Calvert Investments: Production homebuilders don't bother much with smart growth
Posted January 26, 2011 at 1:29PM
And, in other news, it’s cold on the east coast in January. Still, it’s useful to have some analysis on the point.
Calvert Investments is one of the country’s most longstanding SRI (socially responsible investment) mutual fund managers. The company, which manages over $14 billion in assets, says it evaluates potential investments on “a rigorous review of financial performance plus a thorough assessment of environmental, social, and governance performance.” As part of this mission, it sought to discover how the practices and policies of major US homebuilders compare with respect to the environment and resource efficiency.
The result is a recent report, A Green Recovery for America’s Homebuilders? The good news from the report is that more companies are paying more attention to green concerns than ever. The bad news is that all of the ten large companies evaluated score very poorly on land use:
After noting the environmental benefits of smart growth, the report notes:
“Overall, major homebuilders are not taking progressive steps with regard to land use. The industry scored an average of 6% in our analysis using land use and conservation metrics, and what information is disclosed is very limited.
“With regard to sustainable land use, Standard Pacific, KB Home, Toll Brothers, and Pulte Homes currently have commitments aimed at increasing infill development. From all companies in the industry, we are seeking greater information about these policies, their implementation, and overall penetration of infill development.”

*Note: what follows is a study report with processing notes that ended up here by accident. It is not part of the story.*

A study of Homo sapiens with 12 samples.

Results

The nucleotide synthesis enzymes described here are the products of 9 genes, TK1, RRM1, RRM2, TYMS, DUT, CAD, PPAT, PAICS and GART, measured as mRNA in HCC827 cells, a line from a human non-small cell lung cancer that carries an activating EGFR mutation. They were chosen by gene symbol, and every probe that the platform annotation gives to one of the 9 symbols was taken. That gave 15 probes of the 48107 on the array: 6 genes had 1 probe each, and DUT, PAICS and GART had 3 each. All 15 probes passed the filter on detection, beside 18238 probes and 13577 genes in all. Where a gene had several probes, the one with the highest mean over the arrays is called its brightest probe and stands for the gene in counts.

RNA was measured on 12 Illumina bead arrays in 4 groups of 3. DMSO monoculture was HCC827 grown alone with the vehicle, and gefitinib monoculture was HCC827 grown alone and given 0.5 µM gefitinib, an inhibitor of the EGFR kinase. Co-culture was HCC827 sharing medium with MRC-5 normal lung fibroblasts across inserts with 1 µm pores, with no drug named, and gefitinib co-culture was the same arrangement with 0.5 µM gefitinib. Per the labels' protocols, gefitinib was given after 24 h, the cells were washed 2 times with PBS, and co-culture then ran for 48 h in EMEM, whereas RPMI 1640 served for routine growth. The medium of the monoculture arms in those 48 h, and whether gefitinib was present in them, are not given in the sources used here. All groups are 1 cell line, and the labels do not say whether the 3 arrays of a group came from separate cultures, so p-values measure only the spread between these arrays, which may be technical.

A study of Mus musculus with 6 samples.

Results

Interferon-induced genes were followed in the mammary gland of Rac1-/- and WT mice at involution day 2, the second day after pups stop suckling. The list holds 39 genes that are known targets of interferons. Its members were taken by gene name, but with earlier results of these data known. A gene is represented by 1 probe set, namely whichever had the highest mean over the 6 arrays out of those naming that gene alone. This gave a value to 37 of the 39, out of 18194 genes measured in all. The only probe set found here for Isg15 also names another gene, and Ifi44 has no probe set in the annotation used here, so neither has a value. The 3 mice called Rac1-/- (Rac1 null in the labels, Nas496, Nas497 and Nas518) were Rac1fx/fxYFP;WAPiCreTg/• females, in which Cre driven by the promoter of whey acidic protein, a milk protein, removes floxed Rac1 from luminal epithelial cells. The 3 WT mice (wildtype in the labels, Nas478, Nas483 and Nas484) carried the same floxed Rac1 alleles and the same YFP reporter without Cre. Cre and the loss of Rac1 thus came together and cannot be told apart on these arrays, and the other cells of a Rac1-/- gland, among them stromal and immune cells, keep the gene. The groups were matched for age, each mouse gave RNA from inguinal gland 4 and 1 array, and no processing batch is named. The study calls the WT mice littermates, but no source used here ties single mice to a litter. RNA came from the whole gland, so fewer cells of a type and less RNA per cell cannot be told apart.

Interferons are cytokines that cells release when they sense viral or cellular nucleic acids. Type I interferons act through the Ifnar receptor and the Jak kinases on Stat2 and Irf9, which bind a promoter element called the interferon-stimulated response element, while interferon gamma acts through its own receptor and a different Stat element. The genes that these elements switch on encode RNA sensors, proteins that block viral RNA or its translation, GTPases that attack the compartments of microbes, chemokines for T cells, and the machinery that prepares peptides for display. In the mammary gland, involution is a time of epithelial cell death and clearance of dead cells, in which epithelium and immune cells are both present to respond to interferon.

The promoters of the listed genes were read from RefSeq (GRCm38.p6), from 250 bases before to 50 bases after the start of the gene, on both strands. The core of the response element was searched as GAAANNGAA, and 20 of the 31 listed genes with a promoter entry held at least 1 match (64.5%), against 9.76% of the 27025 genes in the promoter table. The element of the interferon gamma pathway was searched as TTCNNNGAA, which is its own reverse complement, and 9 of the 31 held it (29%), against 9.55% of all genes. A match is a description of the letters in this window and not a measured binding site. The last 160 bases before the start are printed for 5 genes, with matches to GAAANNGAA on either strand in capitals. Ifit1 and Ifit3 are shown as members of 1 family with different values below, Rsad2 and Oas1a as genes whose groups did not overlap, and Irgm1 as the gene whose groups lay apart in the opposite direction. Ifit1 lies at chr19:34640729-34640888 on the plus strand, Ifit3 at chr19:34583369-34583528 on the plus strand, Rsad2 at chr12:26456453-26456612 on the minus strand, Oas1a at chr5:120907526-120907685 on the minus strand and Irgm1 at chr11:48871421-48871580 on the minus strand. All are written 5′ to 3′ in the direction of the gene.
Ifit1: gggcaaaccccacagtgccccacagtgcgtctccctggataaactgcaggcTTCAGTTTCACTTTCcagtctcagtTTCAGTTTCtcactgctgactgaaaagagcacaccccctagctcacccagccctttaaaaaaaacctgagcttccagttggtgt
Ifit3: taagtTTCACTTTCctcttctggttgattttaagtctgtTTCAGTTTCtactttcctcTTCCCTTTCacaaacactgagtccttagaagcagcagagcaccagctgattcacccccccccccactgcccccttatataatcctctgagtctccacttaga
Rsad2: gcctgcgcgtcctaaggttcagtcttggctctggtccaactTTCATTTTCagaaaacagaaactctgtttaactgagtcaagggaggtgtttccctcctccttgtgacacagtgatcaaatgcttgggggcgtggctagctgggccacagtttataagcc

The review considered whether each company had policies and programs covering land conversion, and smart growth and urban infill development, while avoiding wetlands and other sensitive habitats.
The category was one of five surveyed by Calvert. The other four were building materials, energy, water, and climate change. KB Home and Pulte scored the best overall:
The report says that, if those two companies were taken out of the mix, the rest of the companies analyzed would score only 6 percent on the overall scale. That’s pathetic no matter how you phrase it.
Energy efficiency is the area in which Calvert found the most progress, but even by that criterion only two companies scored better than 50 percent.
After interviewing the report’s authors, Philip Langdon published a blog post on the New Urban Network:
“While builders are doing an increasingly good job of reducing energy waste in houses, they largely ignore the impact of the locations, density, and street networks of those dwellings. The national builders frequently build in collector-and-cul-de-sac pods, which make it hard for residents to walk to services and which lengthen each car trip.
“The big companies often build at densities too low to support efficient bus or other mass transit — this despite the fact that the transportation sector is America’s second-largest generator of greenhouse gases (behind electrical generating plants). In addition, the builders often choose to develop in locations that are not close to jobs and regional centers.”
Langdon does compliment the KB Home Sustainability Report, published on the company’s website. The report, he says, “runs 38 pages, packed with data on KB Home’s policies and programs and their progress year by year.”
Disclosure: NRDC’s executive director is on an advisory panel for KB Home. He was not consulted with regard to the writing of this post.